Boris was a close friend of mine.  I do not remember the first time I met him though I believe it was sometime in 1997; I do remember the last time.  I met him when he was the international secretary for his party, VMRO-DPMNE.  I had arrived in Macedonia the year before to work for Mercy Corps, a humanitarian organization based in Portland, Oregon.  While my job concentrated on the region – including Serbia, Montenegro and Kosovo – I was based (happily so) in Macedonia.   

Prior to coming to Macedonia, I had been politically active both in the United States and internationally.  One group I was involved with was the International Young Democrat Union (IYDU), the youth arm of the International Democrat Union, a union of center-right political parties founded by Ronald Reagan and Margaret Thatcher.  To make a long story shorter, I had been tasked by my colleagues in the IYDU with finding their counterpart in Macedonia.  This led me to the party of VMRO-DPMNE and in turn, to Boris. 

We all know the events of the region as 1997 morphed into 1998 and 1999 – NATO’s war on Yugoslavia came, the refugees came to Macedonia, and Boris was thrust into the limelight.  I don’t remember the exact day, but before the world press, as international leaders were complaining and telling Macedonia it must take on more Kosovo refugees, Boris told a Swedish journalist (and I paraphrase): “You bring your planes here to take refugees to your country and we’ll do our part.” Boris stood up to the internationals and told them, in essence, his first priority was Macedonia.   

After that event, people began to take notice of Boris.  As it was presidential election year, people began talking about Boris running for president.  By the end of 1999, Boris Trajkovski was elected second president of a democratic and free Republic of Macedonia. 

I was privileged to get to know Boris and we became close friends.  I was often able to be there for him, either giving him advice about many different subjects when he asked or just listening.  You would be amazed at how much it helps someone who must make tough decisions how helpful it can be just to be a good listener.  Boris was there for me too.  After the tragic events of September 11, his was one of the first phone calls I received, offering his condolences.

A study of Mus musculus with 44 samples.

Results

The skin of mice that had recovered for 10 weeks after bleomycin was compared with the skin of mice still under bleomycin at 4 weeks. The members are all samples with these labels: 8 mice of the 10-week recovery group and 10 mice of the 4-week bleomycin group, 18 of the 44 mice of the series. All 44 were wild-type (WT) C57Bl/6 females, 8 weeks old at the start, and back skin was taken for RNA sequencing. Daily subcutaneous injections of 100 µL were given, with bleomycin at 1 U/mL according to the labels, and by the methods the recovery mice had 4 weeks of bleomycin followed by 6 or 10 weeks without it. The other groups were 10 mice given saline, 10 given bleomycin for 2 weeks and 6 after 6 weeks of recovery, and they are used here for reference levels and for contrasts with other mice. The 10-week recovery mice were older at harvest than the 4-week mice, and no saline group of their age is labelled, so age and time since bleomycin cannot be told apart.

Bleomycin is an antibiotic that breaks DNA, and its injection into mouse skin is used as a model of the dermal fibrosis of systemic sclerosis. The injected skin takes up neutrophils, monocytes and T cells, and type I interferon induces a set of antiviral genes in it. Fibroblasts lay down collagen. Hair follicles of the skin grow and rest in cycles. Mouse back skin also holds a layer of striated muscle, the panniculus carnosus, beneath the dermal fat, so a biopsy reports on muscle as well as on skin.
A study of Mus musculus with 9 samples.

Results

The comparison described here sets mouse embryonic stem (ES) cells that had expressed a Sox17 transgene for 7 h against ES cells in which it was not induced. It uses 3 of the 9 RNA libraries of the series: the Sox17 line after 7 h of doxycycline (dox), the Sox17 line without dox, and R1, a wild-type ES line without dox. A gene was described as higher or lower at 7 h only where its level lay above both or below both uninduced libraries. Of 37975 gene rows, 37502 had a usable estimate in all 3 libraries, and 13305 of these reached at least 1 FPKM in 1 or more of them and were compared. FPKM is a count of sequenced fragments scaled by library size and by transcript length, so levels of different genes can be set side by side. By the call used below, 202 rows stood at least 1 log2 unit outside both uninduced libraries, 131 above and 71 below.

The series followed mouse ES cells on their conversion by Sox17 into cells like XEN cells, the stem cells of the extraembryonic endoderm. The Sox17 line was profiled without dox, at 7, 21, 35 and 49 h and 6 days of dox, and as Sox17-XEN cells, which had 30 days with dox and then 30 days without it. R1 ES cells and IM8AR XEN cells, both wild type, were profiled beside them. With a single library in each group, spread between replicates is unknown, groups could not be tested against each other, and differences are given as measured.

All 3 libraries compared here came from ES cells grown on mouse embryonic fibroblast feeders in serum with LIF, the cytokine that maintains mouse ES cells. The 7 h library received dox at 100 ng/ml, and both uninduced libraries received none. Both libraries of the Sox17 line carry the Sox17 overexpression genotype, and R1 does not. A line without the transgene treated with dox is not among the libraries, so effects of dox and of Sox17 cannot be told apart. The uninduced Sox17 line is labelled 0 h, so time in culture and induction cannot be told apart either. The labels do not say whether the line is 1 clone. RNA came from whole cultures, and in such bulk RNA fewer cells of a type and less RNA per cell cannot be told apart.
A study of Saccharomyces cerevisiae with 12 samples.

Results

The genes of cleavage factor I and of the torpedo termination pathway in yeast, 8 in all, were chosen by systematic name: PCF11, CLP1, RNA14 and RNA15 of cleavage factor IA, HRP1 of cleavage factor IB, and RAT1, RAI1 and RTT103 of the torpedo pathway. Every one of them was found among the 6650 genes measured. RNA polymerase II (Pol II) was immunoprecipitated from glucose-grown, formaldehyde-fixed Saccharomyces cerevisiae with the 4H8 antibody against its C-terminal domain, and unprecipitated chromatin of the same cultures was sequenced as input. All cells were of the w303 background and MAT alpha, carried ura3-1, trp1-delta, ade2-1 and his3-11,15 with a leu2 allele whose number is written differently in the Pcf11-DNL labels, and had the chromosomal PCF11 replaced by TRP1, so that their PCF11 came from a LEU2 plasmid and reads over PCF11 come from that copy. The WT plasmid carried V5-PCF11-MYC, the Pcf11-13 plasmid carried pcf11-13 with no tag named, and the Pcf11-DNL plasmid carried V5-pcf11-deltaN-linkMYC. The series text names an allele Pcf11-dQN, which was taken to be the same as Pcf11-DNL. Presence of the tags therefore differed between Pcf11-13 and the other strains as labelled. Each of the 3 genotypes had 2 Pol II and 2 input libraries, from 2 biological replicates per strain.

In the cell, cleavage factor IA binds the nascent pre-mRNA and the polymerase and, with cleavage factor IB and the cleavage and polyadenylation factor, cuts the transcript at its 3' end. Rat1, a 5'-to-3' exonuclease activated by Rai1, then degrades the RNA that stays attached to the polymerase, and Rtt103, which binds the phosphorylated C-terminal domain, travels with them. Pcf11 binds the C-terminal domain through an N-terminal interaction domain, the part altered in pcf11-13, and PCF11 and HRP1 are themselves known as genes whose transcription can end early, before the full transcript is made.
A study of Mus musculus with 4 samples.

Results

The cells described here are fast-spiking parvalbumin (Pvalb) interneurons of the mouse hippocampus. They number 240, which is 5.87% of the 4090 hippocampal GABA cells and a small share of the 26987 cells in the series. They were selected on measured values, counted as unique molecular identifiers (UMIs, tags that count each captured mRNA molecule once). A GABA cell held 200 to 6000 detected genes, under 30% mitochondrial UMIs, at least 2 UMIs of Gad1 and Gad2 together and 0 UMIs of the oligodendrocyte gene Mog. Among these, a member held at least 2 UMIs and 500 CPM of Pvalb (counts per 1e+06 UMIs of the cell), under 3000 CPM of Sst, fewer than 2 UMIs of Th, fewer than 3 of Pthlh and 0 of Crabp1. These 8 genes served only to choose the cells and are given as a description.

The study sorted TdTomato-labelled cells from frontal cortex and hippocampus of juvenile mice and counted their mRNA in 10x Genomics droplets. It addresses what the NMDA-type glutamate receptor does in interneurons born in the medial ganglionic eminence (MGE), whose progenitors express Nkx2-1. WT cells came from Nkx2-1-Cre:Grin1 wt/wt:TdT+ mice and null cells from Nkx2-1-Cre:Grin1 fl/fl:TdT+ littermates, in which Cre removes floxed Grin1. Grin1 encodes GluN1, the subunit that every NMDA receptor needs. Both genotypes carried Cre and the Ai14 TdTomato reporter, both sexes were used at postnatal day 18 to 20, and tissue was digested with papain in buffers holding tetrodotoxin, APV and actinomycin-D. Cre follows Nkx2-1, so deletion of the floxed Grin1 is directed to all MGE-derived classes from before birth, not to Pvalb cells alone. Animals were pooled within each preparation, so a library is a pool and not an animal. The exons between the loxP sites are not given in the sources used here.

Boris was a good man.  He was not a politician.  I know all of the hateful and hurtful things said about him – by many people – and I know that a certain segment of the Macedonian political elite refused to call him “president.”  Shame on them.  It hurt him to be called ugly names.  Name-calling hurts anyone.  But Boris didn’t complain. 

Boris was a tireless campaigner for Macedonia.  He fostered good relationships with leaders in power around the world and he never gave up arguing for Macedonia to be accepted by its constitutional name, the Republic of Macedonia, for the name and identity to be recognized and for the dignity of all Macedonians to be respected.   

In a speech he gave in 2001 he addressed the international community forcefully stating “…We demand the international community to recognize us by our name – the Republic of Macedonia – and not by a fictional derivative. It is high time that the world recognizes us by what we call ourselves – just like any other country and its citizens. Otherwise, how do you expect us to believe in your values, principals and intentions, if you deny our basic right, the right to identity?” 

At the same time, Boris did what he believed best, domestically, for the Macedonian people.  While he was limited, constitutionally, on his duties as president, he never stopped spending time with Macedonia’s people throughout the entire territory of Macedonia.  While his job as president demanded that he work with other international leaders – presidents, prime ministers, parliamentarians, and princes – he was most comfortable – and he enjoyed himself the most – when he was with his native Macedonians, learning about their hopes, dreams, fears and concerns.  He was a good listener. 

The day before he died, Wednesday, February 25, I was with Boris.  I was at his presidential home with another Macedonian friend and we were discussing his reelection campaign.  Boris would have run again – and he would have won.  But that was not to be.  Now, I understand the case surrounding his death may be reopened and I, for one, do not believe it was an accident.  But time will tell if we ever know the truth. 

I do know this, however.  Boris loved God and his son, Jesus Christ.  As a Believer, Boris had a faith in things yet to come and in the resurrection of the dead.  As a fellow Believer, I too, believe this and look forward to seeing my friend Boris once again.